Charitable giving is an important - and commendable - estate planning goal for many Americans. Perhaps you've donated your time volunteering with a humane society or animal rescue operation, and you want to expand that support. Maybe you belong to a church, synagogue or other religious institution that has played a central role in your life. Or perhaps you're passionate about helping local arts flourish.

By supporting the organizations that reflect your interests and values, you can make a difference that will endure far beyond your lifetime.

Another key benefit of charitable giving

Leaving a meaningful legacy isn't the only benefit of charitable giving. When done strategically, it also provides valuable tax advantages, including:

  • Reduced estate taxes
  • Income tax deductions
  • Capital gains tax avoidance

Depending on how you structure your giving, you and your loved ones could benefit from these advantages now or down the road.

So how do you do it?

You don't necessarily have to postpone your giving until after your lifetime. There are numerous ways to incorporate charitable giving - whether now or in the future - into your estate plan. For example:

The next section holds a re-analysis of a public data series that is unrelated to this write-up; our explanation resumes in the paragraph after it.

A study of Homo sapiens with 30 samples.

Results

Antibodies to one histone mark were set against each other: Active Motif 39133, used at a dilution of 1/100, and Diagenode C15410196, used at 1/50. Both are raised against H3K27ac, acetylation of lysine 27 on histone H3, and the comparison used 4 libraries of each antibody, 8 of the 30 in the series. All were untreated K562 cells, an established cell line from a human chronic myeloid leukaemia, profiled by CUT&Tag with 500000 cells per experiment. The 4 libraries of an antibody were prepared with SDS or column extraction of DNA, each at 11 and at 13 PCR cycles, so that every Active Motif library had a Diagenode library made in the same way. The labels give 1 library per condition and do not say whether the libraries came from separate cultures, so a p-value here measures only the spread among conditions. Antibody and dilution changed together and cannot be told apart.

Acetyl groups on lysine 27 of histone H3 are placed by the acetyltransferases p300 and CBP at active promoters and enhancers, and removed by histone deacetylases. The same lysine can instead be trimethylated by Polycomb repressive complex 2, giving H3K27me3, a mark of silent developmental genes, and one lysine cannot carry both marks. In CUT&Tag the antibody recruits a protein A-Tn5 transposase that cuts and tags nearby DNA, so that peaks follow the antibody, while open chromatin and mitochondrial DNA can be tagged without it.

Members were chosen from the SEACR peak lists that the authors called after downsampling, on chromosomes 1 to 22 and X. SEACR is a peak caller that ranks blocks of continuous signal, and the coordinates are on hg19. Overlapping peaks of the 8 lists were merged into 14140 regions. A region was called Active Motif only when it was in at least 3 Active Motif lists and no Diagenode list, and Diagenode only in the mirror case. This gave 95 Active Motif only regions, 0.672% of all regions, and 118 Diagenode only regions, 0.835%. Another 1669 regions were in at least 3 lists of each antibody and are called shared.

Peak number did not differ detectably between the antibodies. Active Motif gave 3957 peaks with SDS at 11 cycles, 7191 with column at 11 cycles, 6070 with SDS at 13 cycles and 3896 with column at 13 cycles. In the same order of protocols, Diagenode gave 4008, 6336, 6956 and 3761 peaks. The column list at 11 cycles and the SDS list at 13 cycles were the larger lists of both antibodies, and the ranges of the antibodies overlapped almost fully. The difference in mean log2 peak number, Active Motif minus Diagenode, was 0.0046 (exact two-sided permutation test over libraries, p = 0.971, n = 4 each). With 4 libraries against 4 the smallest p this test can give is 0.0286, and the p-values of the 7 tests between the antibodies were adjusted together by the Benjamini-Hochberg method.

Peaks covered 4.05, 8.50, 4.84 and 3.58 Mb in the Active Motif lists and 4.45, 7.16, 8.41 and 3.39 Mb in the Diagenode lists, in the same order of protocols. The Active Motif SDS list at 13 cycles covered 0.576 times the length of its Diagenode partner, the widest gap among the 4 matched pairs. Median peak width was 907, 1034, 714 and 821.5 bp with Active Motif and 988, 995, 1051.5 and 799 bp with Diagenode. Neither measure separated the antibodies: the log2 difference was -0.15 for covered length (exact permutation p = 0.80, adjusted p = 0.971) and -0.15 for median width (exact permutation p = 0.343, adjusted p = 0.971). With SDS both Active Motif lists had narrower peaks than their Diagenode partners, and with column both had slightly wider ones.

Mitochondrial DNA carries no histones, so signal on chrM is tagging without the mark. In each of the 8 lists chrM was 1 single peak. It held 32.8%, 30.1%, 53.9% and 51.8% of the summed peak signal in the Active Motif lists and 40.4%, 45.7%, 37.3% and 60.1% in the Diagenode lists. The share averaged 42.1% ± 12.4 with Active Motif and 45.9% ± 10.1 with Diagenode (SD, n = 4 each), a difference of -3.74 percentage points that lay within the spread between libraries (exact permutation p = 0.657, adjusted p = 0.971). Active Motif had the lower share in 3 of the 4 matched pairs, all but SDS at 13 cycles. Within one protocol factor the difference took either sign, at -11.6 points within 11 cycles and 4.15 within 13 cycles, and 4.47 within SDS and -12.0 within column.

• Through a will, you can make a charitable bequest in a specified dollar amount or percentage of the estate. You can also designate whatever is left over after your heirs receive their share.
  • Through a charitable remainder trust, you and your heirs can benefit from the trust assets during your lifetimes. After the set term of the trust is up, the remaining assets will go to the charitable purposes you specify.
  • A charitable lead trust is essentially the reverse: You can use trust assets to benefit a charitable cause for a set period of time. Whatever amount is left over will go to your heirs.

These are just a few of the tools you can use to maximize your giving. You may also wish to consider direct gifts, endowments, donor-advised funds, life insurance policies, retirement accounts, real estate and countless other ways to benefit the causes you care about.

Sorting through the options

Charitable giving can be as simple or complicated as you'd like to make it. Your strategy may have ramifications not only for the future, but also for your life now. By thinking through your options with the help of an estate planning attorney, you can ensure that your plan reflects your unique goals and priorities - a win-win for yourself, your loved ones and the organizations you support.